Canadian Business Opportunity
When a country has as much to offer as Canada, it is easy to see why hundreds of foreign direct investors have invested billions of dollars in plants and operations here. For investors, Canada boasts multiple advantages and unparalleled potential — a place where businesses can achieve excellence at the global scale.
Canada’s World-Class Economy
One of the World’s Most Advanced and Dynamic Economies
World’s ninth largest consumer market—At US$1.57 trillion, in 2010 Canada was the world’s ninth largest economy as measured by Gross Domestic Product (GDP) at market exchange rates. Canada’s economy is larger than Russia, India or South Korea and rivals leading destinations of foreign direct investments. (Source: International Monetary Fund. World Economic Outlook Database. April 2011.)
Fastest growing economy in the G-7
Canada offers foreign direct investors growth prospects unparalleled among advanced economies. Canada’s economic growth has outperformed the rest of the G-7 from 2001 to 2010. This is the result of Canadian fiscal policies built upon low corporate taxes, prudent fiscal management and financial regulation.
As the table below shows, the International Monetary Fund reports that, on average, Canada is poised to grow faster than other G-7 economies in 2011 and 2012 period.
Table updated with the World Economic Outlook Database April 2011 and the World Economic Outlook June 2011.
Unmatched Investment Climate for Foreign Investors
The Best Place to Do Business over the Next Five Years, says the EIU
World’s eighth-largest recipient of FDI inflows between 2001 and 2010—The amount of investment coming to Canada demonstrates foreign investors’ confidence in the Canadian economy. The stock of foreign direct investment (FDI) in Canada stood at $561.6 billion at year-end 2010 – a level that has more than doubled in just over a decade. Canada was the world’s eighth-largest recipient of FDI inflows between 2001 and 2010, attracting about US$36 billion a year over this period, or approximately US$1,060 per capita per year.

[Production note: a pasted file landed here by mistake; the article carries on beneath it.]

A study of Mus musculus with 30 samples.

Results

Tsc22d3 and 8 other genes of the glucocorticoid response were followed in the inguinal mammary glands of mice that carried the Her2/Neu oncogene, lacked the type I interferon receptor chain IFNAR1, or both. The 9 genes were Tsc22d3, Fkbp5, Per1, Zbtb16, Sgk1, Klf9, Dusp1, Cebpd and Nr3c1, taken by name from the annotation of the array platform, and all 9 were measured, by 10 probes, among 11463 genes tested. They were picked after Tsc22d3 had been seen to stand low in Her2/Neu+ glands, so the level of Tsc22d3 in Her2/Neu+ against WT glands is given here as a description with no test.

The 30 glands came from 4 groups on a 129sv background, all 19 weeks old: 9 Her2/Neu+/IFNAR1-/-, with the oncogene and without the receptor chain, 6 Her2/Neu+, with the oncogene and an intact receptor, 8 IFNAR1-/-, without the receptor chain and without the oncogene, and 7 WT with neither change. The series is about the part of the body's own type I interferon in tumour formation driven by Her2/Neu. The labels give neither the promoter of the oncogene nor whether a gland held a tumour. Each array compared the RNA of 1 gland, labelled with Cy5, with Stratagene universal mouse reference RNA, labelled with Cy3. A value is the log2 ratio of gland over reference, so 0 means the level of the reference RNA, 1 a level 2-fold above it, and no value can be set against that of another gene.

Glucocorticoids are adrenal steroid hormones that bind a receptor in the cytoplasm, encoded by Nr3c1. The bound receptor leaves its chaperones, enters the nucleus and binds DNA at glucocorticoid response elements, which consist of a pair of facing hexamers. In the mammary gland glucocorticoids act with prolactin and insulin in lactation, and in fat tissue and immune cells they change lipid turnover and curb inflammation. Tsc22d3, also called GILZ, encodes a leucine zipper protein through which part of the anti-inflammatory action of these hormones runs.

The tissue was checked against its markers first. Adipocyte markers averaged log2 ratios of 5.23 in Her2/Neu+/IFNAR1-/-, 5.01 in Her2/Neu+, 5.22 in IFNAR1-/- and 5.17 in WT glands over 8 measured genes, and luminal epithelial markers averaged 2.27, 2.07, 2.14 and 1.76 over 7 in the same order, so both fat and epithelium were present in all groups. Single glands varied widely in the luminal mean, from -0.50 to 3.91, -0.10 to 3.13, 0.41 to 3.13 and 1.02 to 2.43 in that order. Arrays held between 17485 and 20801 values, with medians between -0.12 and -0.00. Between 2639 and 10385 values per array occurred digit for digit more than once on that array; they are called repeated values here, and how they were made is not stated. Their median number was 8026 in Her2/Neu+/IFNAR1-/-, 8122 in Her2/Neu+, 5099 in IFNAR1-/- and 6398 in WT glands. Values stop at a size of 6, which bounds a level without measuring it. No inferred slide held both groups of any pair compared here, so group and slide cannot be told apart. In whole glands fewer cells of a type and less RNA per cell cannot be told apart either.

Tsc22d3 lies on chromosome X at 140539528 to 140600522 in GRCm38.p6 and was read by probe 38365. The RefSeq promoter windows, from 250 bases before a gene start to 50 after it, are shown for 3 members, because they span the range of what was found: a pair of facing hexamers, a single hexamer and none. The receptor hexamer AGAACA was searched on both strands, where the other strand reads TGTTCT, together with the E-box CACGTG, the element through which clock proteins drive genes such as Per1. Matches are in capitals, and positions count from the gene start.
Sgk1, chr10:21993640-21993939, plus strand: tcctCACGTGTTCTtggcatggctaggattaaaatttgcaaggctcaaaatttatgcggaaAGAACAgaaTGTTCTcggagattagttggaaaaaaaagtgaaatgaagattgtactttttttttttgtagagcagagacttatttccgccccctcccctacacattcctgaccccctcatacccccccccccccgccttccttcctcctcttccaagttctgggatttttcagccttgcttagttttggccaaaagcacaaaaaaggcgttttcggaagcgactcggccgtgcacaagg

An Educated, Diverse and Vibrant Workforce
Workforce with the Skills and Motivation Needed to Achieve Excellence
The best educational system in the G-7—Investing in its people is a core Canadian value. Canada’s diverse workforce is highly educated and it is well suited for today’s knowledge-based economy. Canada receives outstanding rankings for the quality of its education system. The World Economic Forum has ranked the quality of Canada’s educational system as the best among G-7 countries and No. 5 in the world. (Source: The World Economic Forum, Global Competitiveness Report 2010-2011.)
Post-secondary education produces top-quality workers—Canada’s world-class post-secondary institutions produce skilled workers that are critical to a knowledge economy and that have the education and creativity needed to innovate. Half of working-age Canadians have attained post-secondary education, the second highest level among OECD countries.
Strategic Business Location
World-Class Transportation Infrastructure with Geographical Advantages
A significant part of global supply chains—Canada is a significant part of global supply chains, and increasingly, many third-party logistics (3PL) and distribution companies are establishing operations in Canada.
Canada’s major international ports—Halifax, Montréal, Prince Rupert and Vancouver—connect North America with the fast-growing Asia Pacific and European markets. Canada also shares time zones with North and Latin American countries, enabling efficient communication within the Americas and integration with parent operations in Asia or Europe.
Advanced Research and Development Capability
On the Frontiers of Knowledge in every field of Human Endeavour
Winning environment for research and innovation—Driving Canada’s excellence in research and development is a Made-in-Canada innovation model where basic research is integrated with business applications.
This model has resulted in lower research costs and an accelerated go-to-market strategy for foreign investors coming to Canada. As a result, Canada has experienced a significant increase in research and development spending. Total expenditures on research and development amounted to $29.2 billion in 2010, a 42 percent increase over 2000.